Jack Dorsey thinks Twitter needs to gauge the intent of fake news before taking action

Let’s talk about fake news.
Let’s talk about fake news.
Image: AP Photo/Richard Drew

The Twitter co-founder and CEO believes “fake news as a category or misinformation as a category is just way too big” because fiction and jokes could also be classified as misinformation. Speaking at a town hall at the Indian Institute of Technology in Delhi today (Nov. 12), he said the real task at hand is to identify content that “misleads people into taking an action.”

One example Dorsey mentioned was a fraudulent tweet before the US presidential election in 2016 that instructed people to send an SMS to a particular number to be registered to vote. “It was misleading people to an action, to make them think that they registered to vote so they could participate in the 2016 presidential election in the United States,” he said. “If they did that, they actually would not have been registered. That is dangerous.”

Twitter’s job, he explained, is to prevent the spread of misinformation. “If it is intending to mislead, we need to understand and pick out the misinformation and then our job is to make sure it doesn’t spread. And our job is to make sure that it doesn’t gain in impressions beyond its earned reach…and certainly not to anyone that hasn’t explicitly asked for it.”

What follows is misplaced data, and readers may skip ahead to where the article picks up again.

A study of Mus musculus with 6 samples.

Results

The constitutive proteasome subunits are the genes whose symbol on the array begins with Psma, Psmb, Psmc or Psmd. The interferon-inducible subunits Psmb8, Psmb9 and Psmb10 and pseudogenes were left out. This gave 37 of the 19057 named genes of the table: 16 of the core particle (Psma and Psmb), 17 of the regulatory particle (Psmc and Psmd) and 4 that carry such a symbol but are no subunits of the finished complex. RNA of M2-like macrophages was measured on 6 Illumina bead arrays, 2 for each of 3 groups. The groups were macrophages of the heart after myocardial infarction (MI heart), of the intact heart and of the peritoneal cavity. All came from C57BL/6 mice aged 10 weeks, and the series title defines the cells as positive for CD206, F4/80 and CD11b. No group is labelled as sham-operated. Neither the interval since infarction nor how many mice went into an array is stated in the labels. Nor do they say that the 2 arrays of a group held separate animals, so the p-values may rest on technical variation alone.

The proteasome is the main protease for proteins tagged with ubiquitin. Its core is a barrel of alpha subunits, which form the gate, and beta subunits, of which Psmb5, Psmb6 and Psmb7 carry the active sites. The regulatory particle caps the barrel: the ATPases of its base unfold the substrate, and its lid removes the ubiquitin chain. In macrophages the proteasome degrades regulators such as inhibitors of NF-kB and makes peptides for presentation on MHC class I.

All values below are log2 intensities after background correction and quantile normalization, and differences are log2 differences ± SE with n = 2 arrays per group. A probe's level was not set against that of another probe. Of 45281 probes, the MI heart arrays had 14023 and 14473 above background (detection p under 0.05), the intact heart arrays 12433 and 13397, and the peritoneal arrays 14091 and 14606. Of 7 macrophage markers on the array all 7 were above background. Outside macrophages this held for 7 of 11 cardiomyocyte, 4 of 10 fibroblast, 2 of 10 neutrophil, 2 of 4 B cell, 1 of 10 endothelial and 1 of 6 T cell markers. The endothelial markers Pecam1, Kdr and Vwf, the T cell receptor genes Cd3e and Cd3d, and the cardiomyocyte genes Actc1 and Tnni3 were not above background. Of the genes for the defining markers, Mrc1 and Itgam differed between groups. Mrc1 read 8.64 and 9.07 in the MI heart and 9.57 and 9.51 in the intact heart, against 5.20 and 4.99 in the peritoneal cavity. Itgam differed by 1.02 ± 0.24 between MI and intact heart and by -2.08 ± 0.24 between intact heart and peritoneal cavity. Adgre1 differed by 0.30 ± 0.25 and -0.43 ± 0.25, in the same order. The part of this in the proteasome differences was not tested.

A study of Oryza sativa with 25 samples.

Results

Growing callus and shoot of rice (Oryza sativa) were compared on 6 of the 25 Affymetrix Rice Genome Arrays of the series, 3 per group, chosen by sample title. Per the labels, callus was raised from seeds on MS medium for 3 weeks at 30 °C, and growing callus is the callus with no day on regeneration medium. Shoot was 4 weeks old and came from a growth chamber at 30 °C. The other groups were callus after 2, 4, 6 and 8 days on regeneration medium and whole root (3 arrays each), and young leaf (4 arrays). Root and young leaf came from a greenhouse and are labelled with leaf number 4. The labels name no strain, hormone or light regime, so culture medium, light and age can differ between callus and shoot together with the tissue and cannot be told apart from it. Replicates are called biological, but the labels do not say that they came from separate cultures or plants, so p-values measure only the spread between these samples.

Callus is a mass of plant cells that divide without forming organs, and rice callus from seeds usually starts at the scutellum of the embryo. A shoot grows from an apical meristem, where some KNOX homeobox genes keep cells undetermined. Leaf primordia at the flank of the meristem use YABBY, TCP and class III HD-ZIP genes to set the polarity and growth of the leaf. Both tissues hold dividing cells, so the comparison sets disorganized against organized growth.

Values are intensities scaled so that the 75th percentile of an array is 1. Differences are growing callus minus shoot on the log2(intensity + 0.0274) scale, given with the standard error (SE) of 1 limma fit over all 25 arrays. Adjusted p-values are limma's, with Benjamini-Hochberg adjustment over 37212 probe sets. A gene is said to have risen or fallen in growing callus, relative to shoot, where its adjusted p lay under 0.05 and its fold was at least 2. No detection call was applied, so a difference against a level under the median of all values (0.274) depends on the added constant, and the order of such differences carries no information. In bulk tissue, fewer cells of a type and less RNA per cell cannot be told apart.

It is unclear how Twitter plans on identifying the intent behind specific tweets.

Dorsey has been similarly circumspect about the problem of fake news in earlier appearances, stating on CNN a few months ago that it would be “dangerous” for companies like Twitter to act as “arbiters of truth.”

The micro-blogging site has come under fire both in the US and in India over the perception that it lags behind other companies in its willingness to penalise peddlers of misinformation.

Dorsey’s visit comes at a critical time for India, which is due for a general election next summer and is already dealing with rampant fake news on social media platforms. However, the attendees of today’s town hall heard little to nothing about Twitter’s India-specific plans to counter political misinformation on the site.